The leader of Perth and Kinross Council has confirmed he has no plans to formally declare a climate change emergency.
Local authorities across the country are being encouraged to make an offical pronouncement to show their commitment to reducing carbon emissions.
Such statements have already been made by councils in Angus, Fife and Dundee, but there has been confusion over whether Perth and Kinross had ever made a declaration.
In June, cross-party councillors unanimously supported a motion from the SNP’s Richard Watters which was titled “Climate Change Emergency” and called for the council to show support for the national declaration, and agree a range of specific actions.
But council leader Murray Lyle has confirmed that no emergency was actually declared.
He said: “The Scottish Government declared a Climate Change emergency and we recognised that – and we are acting accordingly.
“All our policies going forward will recognise that there is a climate change emergency. We are certainly not ignoring it.”
Asking if he felt there was need to declare an emergency, he said: “No, I think there’s a need to acknowledge it and that is what we have done.
“The fact that climate change will be fundamental in all the council decisions going forward should satisfy everyone’s desire.
“Climate change will be an integral part of all decisions that the council makes.”
The Perthshire branch of the Scottish Green Party had called for the local authority to make a formal declaration, after the party announced last week that it would not stand for election in the Perth and North Perthshire ward.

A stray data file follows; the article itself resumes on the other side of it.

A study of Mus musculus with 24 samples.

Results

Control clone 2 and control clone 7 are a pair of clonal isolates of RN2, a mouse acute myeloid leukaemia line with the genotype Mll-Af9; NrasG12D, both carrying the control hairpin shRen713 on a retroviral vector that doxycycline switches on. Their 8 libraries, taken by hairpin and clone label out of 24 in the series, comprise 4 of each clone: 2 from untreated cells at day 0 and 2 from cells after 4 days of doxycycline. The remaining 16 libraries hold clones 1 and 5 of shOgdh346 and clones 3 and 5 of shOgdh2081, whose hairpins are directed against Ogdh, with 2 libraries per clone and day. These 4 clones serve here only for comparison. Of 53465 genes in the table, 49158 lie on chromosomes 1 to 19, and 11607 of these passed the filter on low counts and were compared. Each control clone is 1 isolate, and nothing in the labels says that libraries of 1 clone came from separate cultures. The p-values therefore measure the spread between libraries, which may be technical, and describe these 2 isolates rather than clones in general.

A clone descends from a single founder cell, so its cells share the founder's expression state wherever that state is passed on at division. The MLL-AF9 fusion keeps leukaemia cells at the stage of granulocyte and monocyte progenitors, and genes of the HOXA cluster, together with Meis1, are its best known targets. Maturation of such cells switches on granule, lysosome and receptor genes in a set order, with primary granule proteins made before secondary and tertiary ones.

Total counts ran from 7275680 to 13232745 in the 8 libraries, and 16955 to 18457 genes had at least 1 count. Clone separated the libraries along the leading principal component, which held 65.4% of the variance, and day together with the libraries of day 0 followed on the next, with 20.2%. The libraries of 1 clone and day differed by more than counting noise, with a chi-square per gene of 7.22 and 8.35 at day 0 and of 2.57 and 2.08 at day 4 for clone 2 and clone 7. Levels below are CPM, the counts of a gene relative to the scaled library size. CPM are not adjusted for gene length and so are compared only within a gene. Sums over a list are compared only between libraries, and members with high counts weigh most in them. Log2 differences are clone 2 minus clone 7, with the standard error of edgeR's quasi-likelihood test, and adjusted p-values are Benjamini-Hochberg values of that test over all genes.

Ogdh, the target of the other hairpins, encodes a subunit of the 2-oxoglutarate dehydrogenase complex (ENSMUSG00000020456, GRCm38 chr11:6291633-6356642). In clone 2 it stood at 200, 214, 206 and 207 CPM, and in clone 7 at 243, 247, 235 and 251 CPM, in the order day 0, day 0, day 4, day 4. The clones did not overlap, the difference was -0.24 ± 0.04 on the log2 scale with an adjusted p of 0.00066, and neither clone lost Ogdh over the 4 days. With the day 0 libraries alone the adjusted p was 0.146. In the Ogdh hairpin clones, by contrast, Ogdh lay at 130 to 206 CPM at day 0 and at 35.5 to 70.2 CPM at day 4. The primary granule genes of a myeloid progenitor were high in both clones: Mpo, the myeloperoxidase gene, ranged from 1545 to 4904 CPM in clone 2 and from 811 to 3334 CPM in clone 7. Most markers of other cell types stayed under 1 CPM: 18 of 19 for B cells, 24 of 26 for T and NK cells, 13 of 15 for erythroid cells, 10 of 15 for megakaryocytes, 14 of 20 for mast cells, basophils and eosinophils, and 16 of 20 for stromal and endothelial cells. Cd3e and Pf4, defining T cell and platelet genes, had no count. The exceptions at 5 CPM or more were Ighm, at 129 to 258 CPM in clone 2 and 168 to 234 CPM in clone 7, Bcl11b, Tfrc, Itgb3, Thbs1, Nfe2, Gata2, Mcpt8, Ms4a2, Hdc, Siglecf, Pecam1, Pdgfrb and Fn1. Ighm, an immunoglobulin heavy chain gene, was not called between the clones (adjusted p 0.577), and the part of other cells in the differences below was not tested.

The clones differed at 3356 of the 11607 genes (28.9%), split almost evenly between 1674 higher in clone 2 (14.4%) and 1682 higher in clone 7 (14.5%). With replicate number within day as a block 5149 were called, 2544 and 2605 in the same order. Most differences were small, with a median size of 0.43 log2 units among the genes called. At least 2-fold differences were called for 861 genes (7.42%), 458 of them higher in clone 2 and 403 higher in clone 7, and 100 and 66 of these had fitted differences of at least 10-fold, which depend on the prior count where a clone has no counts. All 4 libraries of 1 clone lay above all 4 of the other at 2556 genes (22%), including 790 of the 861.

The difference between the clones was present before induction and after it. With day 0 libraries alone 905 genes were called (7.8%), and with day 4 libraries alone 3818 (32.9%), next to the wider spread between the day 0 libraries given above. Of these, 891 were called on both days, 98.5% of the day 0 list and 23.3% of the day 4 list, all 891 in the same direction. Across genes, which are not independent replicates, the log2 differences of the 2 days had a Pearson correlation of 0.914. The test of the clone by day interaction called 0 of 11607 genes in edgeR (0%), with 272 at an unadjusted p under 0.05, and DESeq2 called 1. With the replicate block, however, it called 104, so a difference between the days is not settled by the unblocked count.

A spokesperson tweeted: “The actual declaration of a Climate Emergency is a symbolic statement that highlights the seriousness of the issues we face.
“Although it’s great to see these topics discussed and approved by the council, it should have been broadcast loud and clear. Frustrating.”
Friends of the Earth Scotland climate campaigner Caroline Rance said it was important that the council was taking steps to address environmental challenges.
“What is key is that the council takes urgent action to tackle the Climate Emergency, to bring together the people who can make a difference and to immediately stop doing the things that make the crisis worse,” she said. “Political rhetoric must be matched by political action that brings down emissions.
“Councils have a key role to play in leading the transformation away from fossil fuels in our communities.
“Crucial areas include using planning powers to drive change, improving energy efficiency of homes and ensuring transport budgets are spent on walking, cycling and public transport instead of decisions which encourage people to drive even more.”
She added: “This is an opportunity not only to tackle the climate emergency but to create healthier, better connected, thriving communities.”